While the national average cost per mile for vehicles traveling on toll roads is 8.3 cents per mile, Ely said, the cost of traveling the West Virginia Turnpike averages 6.8 cents per mile.
Whatever new funding sources the subcommittee comes up with, the need for new taxes or fees, and the rationale used to recommend them, must be thoroughly explained to the public, said Rahn and Ely.
"People don't want new taxes or tolls," Rahn said, "until their roads and bridges start to crumble."
Subcommittee member Fred Burns, owner of a Marlinton-based trucking company, said those in his industry would prefer a fuel tax increase to fees based on load weight and miles traveled, or increases in Turnpike tolls. Burns said his company annually pays the equivalent of about 17 percent of its gross revenue in fuel and road use taxes, tolls, excise taxes on tires and other fees, or about $22,000 per truck.
Burns also suggested conducting an efficiency audit on the state Department of Highways to help assure the public that any new taxes and fees are being prudently spent.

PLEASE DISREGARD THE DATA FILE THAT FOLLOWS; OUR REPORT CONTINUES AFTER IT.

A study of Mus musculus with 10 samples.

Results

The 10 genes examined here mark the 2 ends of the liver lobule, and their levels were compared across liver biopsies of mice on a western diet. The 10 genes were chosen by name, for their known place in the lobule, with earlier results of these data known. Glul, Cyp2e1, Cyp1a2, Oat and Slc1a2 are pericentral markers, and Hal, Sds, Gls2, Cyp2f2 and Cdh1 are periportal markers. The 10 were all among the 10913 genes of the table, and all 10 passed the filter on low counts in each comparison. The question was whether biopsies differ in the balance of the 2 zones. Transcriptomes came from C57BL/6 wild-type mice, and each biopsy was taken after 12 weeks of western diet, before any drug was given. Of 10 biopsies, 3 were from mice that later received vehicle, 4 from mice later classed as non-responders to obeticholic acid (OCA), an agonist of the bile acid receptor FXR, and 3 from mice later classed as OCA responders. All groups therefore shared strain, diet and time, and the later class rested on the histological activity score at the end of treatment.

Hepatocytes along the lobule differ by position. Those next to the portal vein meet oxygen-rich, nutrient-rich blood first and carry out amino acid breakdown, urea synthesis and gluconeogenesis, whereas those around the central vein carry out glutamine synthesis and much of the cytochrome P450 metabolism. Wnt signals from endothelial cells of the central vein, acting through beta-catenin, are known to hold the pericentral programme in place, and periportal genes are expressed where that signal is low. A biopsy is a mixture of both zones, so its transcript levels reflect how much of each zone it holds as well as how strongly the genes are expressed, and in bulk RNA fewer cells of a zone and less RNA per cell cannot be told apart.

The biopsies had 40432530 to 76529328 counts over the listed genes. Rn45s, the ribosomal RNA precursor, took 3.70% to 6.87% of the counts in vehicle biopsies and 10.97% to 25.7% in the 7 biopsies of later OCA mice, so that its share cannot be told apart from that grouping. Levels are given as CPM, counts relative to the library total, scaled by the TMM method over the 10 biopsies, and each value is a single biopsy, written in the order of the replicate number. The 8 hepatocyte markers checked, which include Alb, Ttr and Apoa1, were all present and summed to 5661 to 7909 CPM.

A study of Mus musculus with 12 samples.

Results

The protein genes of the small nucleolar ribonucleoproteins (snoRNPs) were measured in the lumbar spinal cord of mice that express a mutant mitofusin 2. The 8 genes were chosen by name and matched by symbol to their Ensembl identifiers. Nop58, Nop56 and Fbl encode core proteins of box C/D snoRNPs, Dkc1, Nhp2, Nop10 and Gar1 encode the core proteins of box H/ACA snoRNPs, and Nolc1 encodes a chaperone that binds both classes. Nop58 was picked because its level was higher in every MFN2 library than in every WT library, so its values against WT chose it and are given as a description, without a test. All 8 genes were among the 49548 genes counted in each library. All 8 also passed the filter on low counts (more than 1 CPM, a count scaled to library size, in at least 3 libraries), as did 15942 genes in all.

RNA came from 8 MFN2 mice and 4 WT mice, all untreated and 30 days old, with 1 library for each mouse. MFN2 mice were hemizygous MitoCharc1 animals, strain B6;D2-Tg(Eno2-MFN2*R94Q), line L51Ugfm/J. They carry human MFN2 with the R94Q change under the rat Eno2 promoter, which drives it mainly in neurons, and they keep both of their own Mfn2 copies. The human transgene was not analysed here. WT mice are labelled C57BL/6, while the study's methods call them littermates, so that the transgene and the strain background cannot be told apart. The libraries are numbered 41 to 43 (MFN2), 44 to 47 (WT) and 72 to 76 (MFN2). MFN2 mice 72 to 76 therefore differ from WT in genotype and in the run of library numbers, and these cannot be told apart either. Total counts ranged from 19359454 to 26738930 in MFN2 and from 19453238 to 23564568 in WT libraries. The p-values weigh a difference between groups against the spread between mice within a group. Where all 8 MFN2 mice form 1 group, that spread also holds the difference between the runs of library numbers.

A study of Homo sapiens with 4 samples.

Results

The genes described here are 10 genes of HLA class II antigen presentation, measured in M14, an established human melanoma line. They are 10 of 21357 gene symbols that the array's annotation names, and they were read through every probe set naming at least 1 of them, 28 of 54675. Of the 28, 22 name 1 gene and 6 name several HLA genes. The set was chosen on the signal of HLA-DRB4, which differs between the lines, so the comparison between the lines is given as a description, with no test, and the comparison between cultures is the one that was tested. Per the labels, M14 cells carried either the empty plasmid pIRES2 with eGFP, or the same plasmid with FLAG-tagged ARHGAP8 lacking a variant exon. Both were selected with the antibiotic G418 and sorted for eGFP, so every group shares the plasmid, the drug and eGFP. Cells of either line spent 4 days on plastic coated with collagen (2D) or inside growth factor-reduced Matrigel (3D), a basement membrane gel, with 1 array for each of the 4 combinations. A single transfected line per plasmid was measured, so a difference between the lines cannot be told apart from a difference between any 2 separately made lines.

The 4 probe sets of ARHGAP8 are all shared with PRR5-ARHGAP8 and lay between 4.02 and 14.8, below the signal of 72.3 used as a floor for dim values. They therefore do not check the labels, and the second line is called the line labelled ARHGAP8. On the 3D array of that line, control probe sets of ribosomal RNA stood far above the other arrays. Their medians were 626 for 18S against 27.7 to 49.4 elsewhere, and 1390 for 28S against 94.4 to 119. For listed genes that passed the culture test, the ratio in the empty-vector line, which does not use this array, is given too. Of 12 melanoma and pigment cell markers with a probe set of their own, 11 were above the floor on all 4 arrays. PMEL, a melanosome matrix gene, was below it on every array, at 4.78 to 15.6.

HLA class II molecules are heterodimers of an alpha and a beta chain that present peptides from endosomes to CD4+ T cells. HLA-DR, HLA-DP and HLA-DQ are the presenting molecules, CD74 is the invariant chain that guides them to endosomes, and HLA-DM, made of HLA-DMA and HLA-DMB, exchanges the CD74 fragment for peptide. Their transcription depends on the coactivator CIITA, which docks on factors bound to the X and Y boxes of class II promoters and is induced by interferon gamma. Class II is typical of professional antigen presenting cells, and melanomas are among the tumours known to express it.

With Gov. Tomblin now entering lame duck status and legislators not immediately facing re-election, "this is the year to make proposals and get something done," said subcommittee member and Delegate Margaret Anne Staggers, D-Fayette.
Brenda Nichols Harper of the West Virginia Chamber of Commerce wondered whether she and other subcommittee members should focus on finding ways to pay for the maintenance of existing roads and bridges, and defer action on building new ones.
"I'm concerned that we may have been tasked with coming up with a funding goal that's impossible to meet," she said. "We're talking about squeezing out the equivalent of 25 percent of the general revenue budget on an annualized basis."
"Whatever tax or fee increases we come up with to produce what we need should be realistic," Burns said, "but we need to take care of our infrastructure." Putting off needed repairs and improvements would end up being much more costly in the long run, he said.
"Finding a solution is going to be a process," said Delegate Ron Walters, R-Kanawha, and a member of the subcommittee. "I think it will end up being a series of things, done incrementally, and not just one approach. But I think it will happen."
Chairman Bob Orders, CEO of Orders Construction Co., asked subcommittee members to present what they consider the best funding approaches during a Feb. 28 meeting.Reach Rick Steelhammer at rsteelham...@wvgazette.com or 304-348-5169.